Work is more flexible than perhaps ever before, and many people in Michigan are able to choose between showing up in person and working remotely. This flexibility has many benefits, including eliminating commute times and cutting down on costs related to work attire. However, some workers say they are facing higher rates of workplace discrimination than ever before.
Discrimination against remote workers
According to a series of research including the State of Workplace Discrimination 2021 and Sate of Workplace Wrongdoing in 2021, 80% of victims in the studies suffered their discrimination when working remotely. Another 55% reported that they experienced discrimination while working at their current company, which could be an indication that discrimination led them to seek different employment. Examples of discrimination can include being:
- Passed over for promotions
- Denied raises
Not everyone who experiences discrimination actually makes a report, though. Research shows that 90% of victims say they would be more likely to file a report if they had an anonymous option to do so. Of those who do report, only a little over 50% ever have the issue fully resolved. What this data shows is that there is clearly room for improvement with how Michigan employers handle reports of discrimination.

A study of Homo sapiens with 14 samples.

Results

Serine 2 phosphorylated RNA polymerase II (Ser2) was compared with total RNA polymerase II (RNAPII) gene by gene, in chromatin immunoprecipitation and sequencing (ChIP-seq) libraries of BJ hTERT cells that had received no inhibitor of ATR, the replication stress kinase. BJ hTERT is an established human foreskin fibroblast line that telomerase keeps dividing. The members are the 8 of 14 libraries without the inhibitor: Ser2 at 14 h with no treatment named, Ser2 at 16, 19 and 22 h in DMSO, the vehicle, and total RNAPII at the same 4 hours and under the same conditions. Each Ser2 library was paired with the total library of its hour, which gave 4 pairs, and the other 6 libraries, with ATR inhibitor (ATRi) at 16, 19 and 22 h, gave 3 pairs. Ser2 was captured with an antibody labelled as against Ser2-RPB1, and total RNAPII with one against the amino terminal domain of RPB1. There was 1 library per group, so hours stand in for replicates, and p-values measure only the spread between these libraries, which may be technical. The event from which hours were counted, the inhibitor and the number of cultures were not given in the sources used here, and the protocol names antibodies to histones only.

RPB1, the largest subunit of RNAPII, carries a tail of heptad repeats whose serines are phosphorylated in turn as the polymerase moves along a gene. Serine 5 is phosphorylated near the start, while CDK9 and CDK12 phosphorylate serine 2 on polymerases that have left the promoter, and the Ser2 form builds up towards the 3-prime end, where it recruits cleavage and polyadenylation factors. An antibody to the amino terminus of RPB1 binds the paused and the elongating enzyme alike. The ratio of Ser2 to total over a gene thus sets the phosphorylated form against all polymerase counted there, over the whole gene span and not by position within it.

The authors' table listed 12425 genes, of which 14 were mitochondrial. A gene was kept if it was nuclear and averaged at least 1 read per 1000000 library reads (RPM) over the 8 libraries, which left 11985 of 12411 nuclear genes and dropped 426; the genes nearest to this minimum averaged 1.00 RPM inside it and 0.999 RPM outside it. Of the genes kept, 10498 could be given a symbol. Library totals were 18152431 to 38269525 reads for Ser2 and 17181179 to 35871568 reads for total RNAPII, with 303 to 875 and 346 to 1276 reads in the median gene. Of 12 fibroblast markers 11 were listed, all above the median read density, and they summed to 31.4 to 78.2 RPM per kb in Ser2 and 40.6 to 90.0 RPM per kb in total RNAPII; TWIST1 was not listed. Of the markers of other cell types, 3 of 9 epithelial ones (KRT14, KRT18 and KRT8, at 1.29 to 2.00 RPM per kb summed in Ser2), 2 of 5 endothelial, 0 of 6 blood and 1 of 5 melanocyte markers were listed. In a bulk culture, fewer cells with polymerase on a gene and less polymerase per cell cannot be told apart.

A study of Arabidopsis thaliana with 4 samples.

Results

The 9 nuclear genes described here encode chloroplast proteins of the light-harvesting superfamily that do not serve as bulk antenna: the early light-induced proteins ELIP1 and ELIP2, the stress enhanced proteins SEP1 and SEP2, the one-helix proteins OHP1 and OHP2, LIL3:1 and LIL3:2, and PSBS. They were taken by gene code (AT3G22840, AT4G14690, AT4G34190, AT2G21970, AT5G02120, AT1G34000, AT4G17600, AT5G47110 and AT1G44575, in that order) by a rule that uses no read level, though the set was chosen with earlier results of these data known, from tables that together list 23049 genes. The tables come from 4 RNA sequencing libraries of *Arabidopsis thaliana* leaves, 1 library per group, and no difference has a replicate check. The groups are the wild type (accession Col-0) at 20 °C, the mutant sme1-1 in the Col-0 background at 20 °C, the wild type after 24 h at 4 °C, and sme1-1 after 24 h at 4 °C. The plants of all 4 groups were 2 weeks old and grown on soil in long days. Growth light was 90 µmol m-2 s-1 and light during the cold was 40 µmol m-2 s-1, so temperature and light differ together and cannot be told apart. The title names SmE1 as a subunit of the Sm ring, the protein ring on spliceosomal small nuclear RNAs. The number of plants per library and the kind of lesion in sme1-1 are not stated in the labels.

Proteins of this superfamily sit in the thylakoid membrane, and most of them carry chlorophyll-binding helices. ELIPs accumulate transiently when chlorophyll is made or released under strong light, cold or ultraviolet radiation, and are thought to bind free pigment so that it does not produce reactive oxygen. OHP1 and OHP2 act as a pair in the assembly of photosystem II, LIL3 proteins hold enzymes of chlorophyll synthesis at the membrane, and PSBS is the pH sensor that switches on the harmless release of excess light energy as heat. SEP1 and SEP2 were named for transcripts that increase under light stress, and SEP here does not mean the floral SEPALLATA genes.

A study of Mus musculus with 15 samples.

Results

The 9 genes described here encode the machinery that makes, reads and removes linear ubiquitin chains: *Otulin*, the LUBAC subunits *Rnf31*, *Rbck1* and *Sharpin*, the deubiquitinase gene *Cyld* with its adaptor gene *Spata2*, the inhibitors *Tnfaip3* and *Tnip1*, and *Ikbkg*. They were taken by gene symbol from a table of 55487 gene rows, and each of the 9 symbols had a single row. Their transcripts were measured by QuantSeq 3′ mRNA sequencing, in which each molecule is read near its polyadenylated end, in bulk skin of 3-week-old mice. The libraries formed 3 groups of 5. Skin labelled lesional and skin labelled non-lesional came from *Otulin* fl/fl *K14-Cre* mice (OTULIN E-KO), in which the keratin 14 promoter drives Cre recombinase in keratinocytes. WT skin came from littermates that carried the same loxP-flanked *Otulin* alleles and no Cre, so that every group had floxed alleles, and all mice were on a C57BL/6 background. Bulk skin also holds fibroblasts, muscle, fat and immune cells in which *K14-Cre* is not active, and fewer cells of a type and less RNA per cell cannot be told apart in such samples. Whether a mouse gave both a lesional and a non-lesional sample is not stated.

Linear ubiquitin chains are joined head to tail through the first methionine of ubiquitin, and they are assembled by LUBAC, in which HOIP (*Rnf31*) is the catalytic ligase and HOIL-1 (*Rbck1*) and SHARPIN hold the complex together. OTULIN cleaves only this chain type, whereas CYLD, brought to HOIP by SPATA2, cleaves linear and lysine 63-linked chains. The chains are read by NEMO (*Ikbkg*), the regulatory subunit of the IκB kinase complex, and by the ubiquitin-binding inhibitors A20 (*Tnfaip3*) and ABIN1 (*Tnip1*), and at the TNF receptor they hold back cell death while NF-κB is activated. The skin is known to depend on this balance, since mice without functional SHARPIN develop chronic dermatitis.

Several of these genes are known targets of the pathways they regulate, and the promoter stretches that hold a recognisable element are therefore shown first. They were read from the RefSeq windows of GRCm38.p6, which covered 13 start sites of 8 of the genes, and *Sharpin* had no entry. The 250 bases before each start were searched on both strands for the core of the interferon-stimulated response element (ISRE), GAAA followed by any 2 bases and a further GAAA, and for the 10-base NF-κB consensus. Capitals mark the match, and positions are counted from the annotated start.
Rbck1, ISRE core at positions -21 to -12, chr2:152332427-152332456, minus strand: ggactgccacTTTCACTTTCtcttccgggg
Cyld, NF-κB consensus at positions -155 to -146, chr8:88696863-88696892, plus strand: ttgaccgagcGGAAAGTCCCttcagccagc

Victims of workplace discrimination face added obstacles in their career paths. Many struggle to meet their job related goals and may even fall behind when it comes to earnings and advancement compared to their peers. While there is nothing that can undo this type of damage, victims who successfully navigate workplace discrimination lawsuits can not only secure compensation for their damages but can also effect real change that protects future workers.